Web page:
Review: Janet Jackson dynamic in two-hour Toronto show

Janet Jackson

May 23 at Budweiser Stage, Toronto

What has she done for you lately?

If her name is Janet Jackson, there was the two-hour, 37-song, career-spanning extravaganza that kicked off the summer concert season at Budweiser Stage on Tuesday night, where the Gary, Indiana-born superstar exercised supreme control of her talents and her faithful fans repeatedly lost it.

Hard to believe that for the “Together Again” tour — where she pulled a Neil Young and performed the theme song three times over the evening, including the encore — the divine Ms. Jackson is celebrating her 50th year in the spotlight, which considering she’s 57 is no mean feat.

Part of the hit-making Jackson Family legacy that includes the Jackson 5 and, of course, her late brother Michael, who appeared with her onscreen via their duet video “Scream,” Janet pulled out all the stops with a visual and aural bombardment that kept the crowd of over 16,000 — aged eight to 80 — on their feet from the moment the lights dimmed.

Following an introductory video subtitled “50 Years of Me” that revealed a glamorous celebrity life of family, fashion, fame and frolic, Jackson appeared in a purple hooded robe and introduced herself to the masses via “Damita Jo,” the title track from her 2004 effort, before doffing the robe to reveal a gold lamé bodysuit with a purple bow belt, and being joined by four male dancers for the first rendition of “Together Again.”

Also backed by a methodical five-piece band, pre-recorded harmonies, four video screens and a two-tiered hydraulic stage, Jackson, occasionally stroking her waist-long ponytail, kept the funk/pop momentum going with a medley of memories that included a full breast grope during “Feedback” from one of her dancers; another dip into her “Discipline” album with a few minutes of “So Much Betta,” a detour into a healthy segment of “If,” followed by a portion of “No Sleeep”; a segment of “Got ’Til It’s Gone” before really slowing it down for the romantic ballad “That’s The Way Love Goes,” culminating the first act of the concert with “Enjoy” as she disappeared backstage for the second of four costume changes.

That was a preview of things to come, as Jackson revealed her many personas ranging from hopeless romantic and sexually suggestive vixen to social advocate and serious feminist.

If you’re a Janet Jackson fan, you were probably attending the show for two reasons: the music and the precise choreography that helped catapult her into the stratosphere.

Regarding the latter, Jackson’s choreography for the majority of the evening wasn’t as strenuous as past tours, consisting of a lot more upper body movement than the bordering-on-militaristic meticulousness of such influential albums as “Control” and “Rhythm Nation 1814.”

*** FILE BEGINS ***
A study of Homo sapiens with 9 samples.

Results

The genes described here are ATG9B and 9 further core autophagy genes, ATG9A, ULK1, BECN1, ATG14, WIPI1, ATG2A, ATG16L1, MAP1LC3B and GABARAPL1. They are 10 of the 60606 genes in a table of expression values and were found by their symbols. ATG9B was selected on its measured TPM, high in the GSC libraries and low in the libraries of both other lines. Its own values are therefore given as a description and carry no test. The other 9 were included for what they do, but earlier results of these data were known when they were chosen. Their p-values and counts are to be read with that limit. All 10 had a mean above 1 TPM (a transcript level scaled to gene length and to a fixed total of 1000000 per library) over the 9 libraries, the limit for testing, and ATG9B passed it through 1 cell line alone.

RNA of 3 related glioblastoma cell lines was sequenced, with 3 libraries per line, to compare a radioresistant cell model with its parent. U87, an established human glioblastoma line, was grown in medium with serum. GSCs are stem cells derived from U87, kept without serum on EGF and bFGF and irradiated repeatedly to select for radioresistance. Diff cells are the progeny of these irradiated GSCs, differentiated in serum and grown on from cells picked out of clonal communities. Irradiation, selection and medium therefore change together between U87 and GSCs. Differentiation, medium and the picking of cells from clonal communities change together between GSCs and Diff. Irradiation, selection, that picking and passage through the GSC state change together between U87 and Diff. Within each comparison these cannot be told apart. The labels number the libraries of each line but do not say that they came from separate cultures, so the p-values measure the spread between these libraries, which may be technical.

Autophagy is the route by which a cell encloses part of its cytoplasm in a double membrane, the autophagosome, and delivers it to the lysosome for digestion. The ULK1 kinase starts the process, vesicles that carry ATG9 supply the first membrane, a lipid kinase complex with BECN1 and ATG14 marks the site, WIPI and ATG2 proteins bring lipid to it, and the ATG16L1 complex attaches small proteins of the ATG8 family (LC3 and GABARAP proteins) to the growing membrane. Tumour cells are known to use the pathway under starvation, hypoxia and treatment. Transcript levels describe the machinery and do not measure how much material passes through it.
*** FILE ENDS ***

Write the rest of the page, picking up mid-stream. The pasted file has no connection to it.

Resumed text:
There were occasional flashes of the old Janet — especially during the “Rhythm Nation” concert concluder — but, for the most part, she left the heavy lifting to her four core menfolk: a somewhat economical entourage for the woman who often carries a small armada of hoofers with her on tour.

A more serious point — and admittedly, this reviewer sitting in Section 203 could have been experiencing one of the venue’s sonic dead spots — is that the sound was horribly loud and distorted such that the band, especially the bass player, drowned out the superstar to the point of being indecipherable.

The bass pretty much sounded like a thud through the majority of the evening.

If you knew Jackson’s songs by heart or were captured by the exhilaration of sharing rare proximity with the superstar, perhaps the flaws became less detectable. But for many songs in the first half of the show, her voice was simply buried by the band.

On the rare occasion Jackson’s vocals broke through, she sounded in fine form and the sound imbalance seemed to be somewhat handled by the third chapter of her four-act set.

Of course, Jackson has a considerable legacy of wall-to-wall hits, but that didn’t stop her from shoehorning in some rarities. She once recorded “Diamonds” for Herb Alpert; “Girlfriend/Boyfriend” with Blackstreet and a duet with Luther Vandross: whether it was for a few bars or a few minutes, they all made it into the mix.

The outfits Jackson wore for the concert were all conservative, including a black and white gown to start off “What Have You Done For Me Lately” that was detached to reveal a smart pantsuit; a rather questionable red and plaid ensemble that didn’t quite mesh and perhaps the crowd’s favourite: a throwback to the T-shirt and jeans of the “Rhythm Nation” era, which included a generous run of songs from that album to finish the main body of the show on an emotional, nostalgic high.

In short, Janet Jackson delivered the goods for the dedicated flock that has steadfastly supported her for half a century and is no doubt salivating over the prospect of her artistic output for the next five decades.

And if the “Together Again” tour is, as rumoured, the swan song of her concert trek, then she fully embodied the definition of “The Pleasure Principle” with her dynamic performance.